Madison Avenue continues to scale in the metaverse, which is experiencing a land-grab for the best storefronts as brands like Gap and Nike unveil digital-only versions of their goods competing against — and sometimes collaborating with — digital-first brands like sneaker maker RTFKT and fashion house Fabrikant. Mobile game destination The Sandbox has already sold more than 70 percent of its “land” to businesses including cryptocurrency exchange Binance and video-game maker Atari. Even traditionalists like NASCAR and JPMorgan Chase are pitching virtual tents. The bank has signed a lease in Decentraland, a 3D online world.
For the moment, the JPMorgan Chase virtual outpost is a marketing play, offering mood only, no money services, virtual or otherwise. But Decentraland visitors can pop into the lounge, watch videos and peruse a library of books.
Umar Farooq, chief executive of JPMorgan’s Onyx unit, founded in 2020 to focus on blockchain products and services, told The Wall Street Journal that corporate clients have indicated it’s “a great way for us to use our marketing resources.” JPMorgan has predicted that eventually the metaverse will generate $1 trillion in annual revenue worldwide.
Whether the metaverse will smoothly scale or experience vertiginous swings of the crypto market remains to be seen. Virtual worlds and goods seem more tangible in that they can be seen, experienced and enjoyed. L’Oreal has 17 virtual goods trademarks, according to Glossy.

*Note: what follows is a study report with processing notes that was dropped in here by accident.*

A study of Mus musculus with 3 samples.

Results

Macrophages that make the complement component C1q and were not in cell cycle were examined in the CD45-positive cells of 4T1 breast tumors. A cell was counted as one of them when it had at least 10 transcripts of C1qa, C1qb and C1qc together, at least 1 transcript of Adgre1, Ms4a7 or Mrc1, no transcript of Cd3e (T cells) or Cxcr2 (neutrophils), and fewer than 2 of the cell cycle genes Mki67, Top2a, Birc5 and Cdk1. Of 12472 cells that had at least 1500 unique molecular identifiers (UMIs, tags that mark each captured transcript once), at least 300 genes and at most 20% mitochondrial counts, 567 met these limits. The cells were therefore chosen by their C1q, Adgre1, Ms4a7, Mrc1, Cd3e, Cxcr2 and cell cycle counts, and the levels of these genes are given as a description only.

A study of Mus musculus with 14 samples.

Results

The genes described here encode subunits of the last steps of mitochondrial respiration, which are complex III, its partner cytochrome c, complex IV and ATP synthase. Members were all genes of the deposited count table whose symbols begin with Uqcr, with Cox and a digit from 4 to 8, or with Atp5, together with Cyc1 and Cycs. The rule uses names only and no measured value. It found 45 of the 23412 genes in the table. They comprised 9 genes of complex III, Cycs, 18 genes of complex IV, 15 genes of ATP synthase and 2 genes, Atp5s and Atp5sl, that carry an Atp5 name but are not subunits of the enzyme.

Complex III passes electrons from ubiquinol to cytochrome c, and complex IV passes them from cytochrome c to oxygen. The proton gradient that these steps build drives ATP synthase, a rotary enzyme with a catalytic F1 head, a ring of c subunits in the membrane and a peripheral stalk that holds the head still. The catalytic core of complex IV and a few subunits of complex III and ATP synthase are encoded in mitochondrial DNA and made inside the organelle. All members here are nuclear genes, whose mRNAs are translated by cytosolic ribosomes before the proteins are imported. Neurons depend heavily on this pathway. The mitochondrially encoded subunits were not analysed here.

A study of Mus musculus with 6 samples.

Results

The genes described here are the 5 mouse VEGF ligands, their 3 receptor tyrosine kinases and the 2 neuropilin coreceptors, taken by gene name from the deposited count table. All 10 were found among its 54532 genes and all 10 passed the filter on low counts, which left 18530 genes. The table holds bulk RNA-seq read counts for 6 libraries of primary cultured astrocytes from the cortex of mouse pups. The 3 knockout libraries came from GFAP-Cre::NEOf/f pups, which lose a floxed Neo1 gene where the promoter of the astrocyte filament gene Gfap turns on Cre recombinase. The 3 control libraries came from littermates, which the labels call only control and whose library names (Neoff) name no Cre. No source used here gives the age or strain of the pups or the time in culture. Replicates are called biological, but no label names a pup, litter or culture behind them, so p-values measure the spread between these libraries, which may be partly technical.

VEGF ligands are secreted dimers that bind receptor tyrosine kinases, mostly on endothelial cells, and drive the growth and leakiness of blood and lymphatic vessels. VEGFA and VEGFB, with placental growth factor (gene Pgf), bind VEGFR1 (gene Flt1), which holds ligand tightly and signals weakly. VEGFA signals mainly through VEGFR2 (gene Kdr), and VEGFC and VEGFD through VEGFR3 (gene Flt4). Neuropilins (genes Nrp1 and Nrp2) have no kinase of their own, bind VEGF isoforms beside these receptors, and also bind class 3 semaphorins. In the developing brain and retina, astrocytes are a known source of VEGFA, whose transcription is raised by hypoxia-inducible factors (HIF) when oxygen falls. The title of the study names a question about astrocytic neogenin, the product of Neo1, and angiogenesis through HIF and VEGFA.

The global market for in-game goods and services — known as microtransactions — was estimated at $34.59 billion in 2021, according to a report by Research and Markets. That’s a drop in the bucket compared to the crypto industry, which lost $900 billion in the first half of 2022, its market cap falling below $1 trillion for the first time since January 2021. By contrast, microtransactions have been steadily increasing.
Some games have their own microeconomies and startups are trying to set up their own virtual cities. “These organizations are selling virtual real estate to early adopters — companies and individuals — who don’t mind buying land in a place where more is constantly being added,” reports WSJ, adding, “buyers are becoming landlords, renting out their online properties to companies looking to set up stores, host special events or just put up billboards to advertise to passersby. These landlords are also offering virtual properties to consumers to build digital houses to store their NFTs and hang out with friends.”
“We are going through the discovery process of understanding what is meaningful to our customers and what experiences we can drive through the metaverse that will enhance and augment these experiences,” Gap head of product management Avery Worthing-Jones told WSJ. The company sold out an edition of $2 to $11 digital hoodies in January.
“It’s too early to understand whether the metaverse is going to be a big thing or whether it is just another buzzword and marketing exercise,” Merlin Entertainment CTO Lee Cowie told ZDNet. “I suspect it’s going to have enough momentum behind it that it will become a thing that we will want to be interested in.”